Theresa May faces a major headache when the House of Lords attempts to engineer a ‘soft Brexit’ by keeping the UK in the single market.
The unelected upper chamber has already inflicted a series of embarrassing defeats on the government as it tries to pass the EU Withdrawal Bill - the piece of legislation that will make Brexit happen.
But the latest stand-off on Tuesday could be the most humiliating yet, and raise serious questions over May’s premiership if she fails to reverse the Lords amendment by losing a vote in the House of Commons.
Jeremy Corbyn is facing his own rebellion, with Labour peers threatening to defy party orders to abstain from the crunch vote.
On Tuesday, the House of Lords votes on a series of amendments to the government’s Brexit bill.
Peers have already voted for the UK to remain part of a European customs union, meaning no customs checks and EU citizens’ rights to be protected after the UK quits.
But now they want to go further by pushing for an even softer Brexit by keeping the UK in the single market - the very opposite of what May has repeatedly promised to do.
Their amendments, if successful, would instruct the government to begin negotiating future UK membership of the European Economic Area (EEA).
This arrangement has been described as the “Norway option” - full access to the EU’s internal trading market, but outside the union itself.
Brexiteers won’t like it
May herself has complained that the Lords has “thwarted” the will of the people in the referendum by orchestrating defeats to the Bill that now run into double figures.
But EEA membership would pose an even bigger problem, undermining a key tenet of her Brexit policy. The arrangement is seen as the worst of all worlds by leading Brexiteers such as Jacob Rees-Mogg.
While proponents argue the UK would be able to strike its own deal on freedom of movement, and still be inside the EU’s internal market, critics say an EEA affiliation would mirror EU regulations and European Court of Justice rulings, but without any say in decision making.
Rees-Mogg and other Eurosceptics argue that it would leave the UK as “a vassal state” - which is a Shakespearean way of saying the country would be in a subordinate position to Brussels, which isn’t really Brexit at all.
Trouble for the Labour Party
Labour has also managed to get itself in tangle ahead of the vote.
The party’s policy, as Jeremy Corbyn has laid out, is to support the UK being in a customs union with the EU, but not in the single market or have EEA membership.
In line with that stance, the party’s group in the House of Lords has been ordered to fall into line - whipped to abstain when it comes to the vote on Tuesday.
But reports at the weekend suggested more than 40 Labour peers are ready to back the cross-party EEA amendment.
Businessman and Labour peer Lord Waheed Alli, who has put his name to the amendment, said: “This is complete cowardice. There is no point in being in politics to abstain.
“If you stand in the middle of the road someone is going to knock you over.”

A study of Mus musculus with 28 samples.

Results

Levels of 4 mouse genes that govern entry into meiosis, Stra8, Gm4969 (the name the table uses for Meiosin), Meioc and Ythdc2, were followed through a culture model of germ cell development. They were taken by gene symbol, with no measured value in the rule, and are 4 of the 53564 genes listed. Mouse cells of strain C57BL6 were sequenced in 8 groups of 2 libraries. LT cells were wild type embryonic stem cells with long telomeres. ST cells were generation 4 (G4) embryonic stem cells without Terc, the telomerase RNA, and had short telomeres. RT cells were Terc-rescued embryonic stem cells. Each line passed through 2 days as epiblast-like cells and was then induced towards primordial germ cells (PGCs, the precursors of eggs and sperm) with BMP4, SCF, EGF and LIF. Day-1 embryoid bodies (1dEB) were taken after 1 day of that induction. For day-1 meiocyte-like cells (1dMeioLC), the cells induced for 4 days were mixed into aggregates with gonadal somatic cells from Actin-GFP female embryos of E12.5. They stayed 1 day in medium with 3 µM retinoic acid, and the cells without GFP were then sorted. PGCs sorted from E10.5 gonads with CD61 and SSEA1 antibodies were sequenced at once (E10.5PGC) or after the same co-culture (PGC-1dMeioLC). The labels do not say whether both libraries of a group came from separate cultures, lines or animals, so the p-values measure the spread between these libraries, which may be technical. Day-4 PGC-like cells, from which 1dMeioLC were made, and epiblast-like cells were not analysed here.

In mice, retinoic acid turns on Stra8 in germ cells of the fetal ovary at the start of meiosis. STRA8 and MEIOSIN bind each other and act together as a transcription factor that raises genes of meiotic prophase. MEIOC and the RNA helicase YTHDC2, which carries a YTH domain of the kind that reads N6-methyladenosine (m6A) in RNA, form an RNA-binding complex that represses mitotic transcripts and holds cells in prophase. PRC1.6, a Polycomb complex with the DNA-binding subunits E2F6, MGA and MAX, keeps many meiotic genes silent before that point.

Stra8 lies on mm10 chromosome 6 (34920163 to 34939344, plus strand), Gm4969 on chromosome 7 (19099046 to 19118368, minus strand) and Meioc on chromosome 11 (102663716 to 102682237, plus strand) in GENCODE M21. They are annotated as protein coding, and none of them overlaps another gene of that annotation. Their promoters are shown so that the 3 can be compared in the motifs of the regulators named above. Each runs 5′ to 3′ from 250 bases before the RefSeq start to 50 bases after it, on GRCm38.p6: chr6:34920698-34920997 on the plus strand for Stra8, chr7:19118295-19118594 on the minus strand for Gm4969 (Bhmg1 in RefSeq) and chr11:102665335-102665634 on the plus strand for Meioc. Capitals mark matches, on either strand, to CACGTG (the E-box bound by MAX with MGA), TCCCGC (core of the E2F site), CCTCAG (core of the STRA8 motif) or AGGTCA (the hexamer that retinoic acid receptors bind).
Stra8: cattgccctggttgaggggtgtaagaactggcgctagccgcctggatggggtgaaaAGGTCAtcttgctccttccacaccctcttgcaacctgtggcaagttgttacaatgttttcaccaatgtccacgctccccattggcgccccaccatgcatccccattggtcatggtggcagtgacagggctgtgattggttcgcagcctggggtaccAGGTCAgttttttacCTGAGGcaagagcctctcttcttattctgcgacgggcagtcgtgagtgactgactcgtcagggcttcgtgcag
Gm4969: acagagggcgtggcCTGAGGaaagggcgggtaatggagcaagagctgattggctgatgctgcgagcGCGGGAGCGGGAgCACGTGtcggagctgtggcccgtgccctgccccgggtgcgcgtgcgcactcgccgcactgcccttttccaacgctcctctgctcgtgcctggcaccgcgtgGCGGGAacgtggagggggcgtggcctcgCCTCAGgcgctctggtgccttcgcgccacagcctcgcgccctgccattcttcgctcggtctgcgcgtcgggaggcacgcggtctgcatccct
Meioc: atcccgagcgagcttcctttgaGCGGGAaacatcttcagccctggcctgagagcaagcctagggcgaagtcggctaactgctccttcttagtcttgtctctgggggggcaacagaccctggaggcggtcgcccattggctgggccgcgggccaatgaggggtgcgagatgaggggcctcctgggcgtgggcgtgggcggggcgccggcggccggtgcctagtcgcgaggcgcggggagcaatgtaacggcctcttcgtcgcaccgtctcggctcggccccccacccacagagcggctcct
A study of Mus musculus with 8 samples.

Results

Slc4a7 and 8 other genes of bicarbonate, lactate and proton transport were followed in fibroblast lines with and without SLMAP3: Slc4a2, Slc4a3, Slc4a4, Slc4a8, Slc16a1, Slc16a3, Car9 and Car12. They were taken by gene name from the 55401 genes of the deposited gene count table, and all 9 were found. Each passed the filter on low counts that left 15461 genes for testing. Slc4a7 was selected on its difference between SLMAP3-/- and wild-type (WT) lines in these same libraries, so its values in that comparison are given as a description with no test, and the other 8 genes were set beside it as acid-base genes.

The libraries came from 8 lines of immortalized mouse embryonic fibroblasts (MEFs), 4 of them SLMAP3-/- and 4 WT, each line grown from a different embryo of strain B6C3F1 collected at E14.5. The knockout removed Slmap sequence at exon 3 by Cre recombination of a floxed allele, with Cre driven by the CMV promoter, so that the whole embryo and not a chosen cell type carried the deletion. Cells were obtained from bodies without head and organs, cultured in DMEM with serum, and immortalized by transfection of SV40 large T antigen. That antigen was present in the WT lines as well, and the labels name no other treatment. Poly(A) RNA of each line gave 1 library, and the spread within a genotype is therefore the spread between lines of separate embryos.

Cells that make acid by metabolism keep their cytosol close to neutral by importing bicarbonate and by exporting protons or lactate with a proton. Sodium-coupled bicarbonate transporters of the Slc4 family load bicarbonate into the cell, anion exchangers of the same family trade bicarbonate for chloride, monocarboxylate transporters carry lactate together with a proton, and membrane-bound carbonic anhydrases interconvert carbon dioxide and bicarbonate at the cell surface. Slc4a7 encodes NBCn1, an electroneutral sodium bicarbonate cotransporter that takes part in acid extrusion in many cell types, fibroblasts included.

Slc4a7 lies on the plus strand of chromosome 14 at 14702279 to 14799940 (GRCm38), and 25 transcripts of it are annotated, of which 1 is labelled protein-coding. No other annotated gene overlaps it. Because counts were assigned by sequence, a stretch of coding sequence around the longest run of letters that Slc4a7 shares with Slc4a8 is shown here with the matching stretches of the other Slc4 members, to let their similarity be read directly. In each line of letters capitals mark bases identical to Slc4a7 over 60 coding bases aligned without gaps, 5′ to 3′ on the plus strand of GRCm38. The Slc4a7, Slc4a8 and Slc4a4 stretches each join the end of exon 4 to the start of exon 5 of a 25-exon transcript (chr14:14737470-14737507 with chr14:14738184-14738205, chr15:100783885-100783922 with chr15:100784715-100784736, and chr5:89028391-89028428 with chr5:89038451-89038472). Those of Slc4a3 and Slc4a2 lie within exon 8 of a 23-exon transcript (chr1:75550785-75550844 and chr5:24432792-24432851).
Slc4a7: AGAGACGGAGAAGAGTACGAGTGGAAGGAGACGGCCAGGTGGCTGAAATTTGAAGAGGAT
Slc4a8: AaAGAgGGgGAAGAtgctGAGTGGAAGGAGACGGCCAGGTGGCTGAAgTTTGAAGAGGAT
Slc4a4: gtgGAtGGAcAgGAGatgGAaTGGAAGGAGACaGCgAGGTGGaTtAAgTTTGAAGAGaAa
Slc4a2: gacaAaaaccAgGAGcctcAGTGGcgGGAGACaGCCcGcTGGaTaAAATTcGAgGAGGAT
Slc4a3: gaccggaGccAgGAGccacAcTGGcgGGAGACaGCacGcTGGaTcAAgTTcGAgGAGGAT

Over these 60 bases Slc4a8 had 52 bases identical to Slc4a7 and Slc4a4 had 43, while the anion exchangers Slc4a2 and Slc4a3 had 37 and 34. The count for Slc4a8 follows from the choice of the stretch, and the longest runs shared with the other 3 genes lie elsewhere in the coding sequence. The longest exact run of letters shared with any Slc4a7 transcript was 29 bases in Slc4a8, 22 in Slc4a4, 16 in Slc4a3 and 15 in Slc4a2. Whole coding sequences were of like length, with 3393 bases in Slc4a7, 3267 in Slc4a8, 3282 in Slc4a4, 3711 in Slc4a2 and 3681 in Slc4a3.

Former shadow cabinet minister and Labour MP Chuka Umunna said it would “go against Labour’s progressive values” not to back the move.
But Corbyn’s allies have signalled peers are expected to tow the line. Shadow international trade secretary Barry Gardiner said such an arrangement would reduce the UK to being a “rule taker” without a seat at the table when decisions on regulations are made.
Next stop: the House of Commons
A government with a healthy majority and loyal backbenchers could be expected to overturn a Lords amendment when it ping-pongs back to the House of Commons. But May has neither.
Around 10 pro-European Tory MPs having spoken supportively in the past about EEA membership, enough to pass to keep the amendment in the Bill. The Prime Minister could then be relying on support from Labour MPs to stamp out the ‘Norway model’.
The ball would then be back in Jeremy Corbyn’s court. His top team have been accused of “constructive ambiguity” on Brexit, a flexible and sometimes confusing position that has allowed the party to both appeal to their pro-Brexit heartlands while showing enough leg to the largely europhile younger generation that has flocked to the Labour leader. But it would not be able to fudge for much longer.
The party would face a tricky decision: continue to oppose EEA and ease the pressure on May, or back the Lords and deliver a potentially fatal blow to the PM. In either scenario it faces a backlash.
The end for Theresa May?
The Lords vote is just one of a series of Brexit-related pressures being piled on the PM, including splits within the Cabinet over a preferred option of a customs relationship with Europe and concerns over the Irish border. But defeat in the Commons would be a hammerblow to her authority.
In the background always lurks the powerful European Research Group, a cabal of more than 60 backbench Tory MPs, led by Rees-Mogg, who could force a leadership contest if they are unhappy with the government’s progress on Brexit.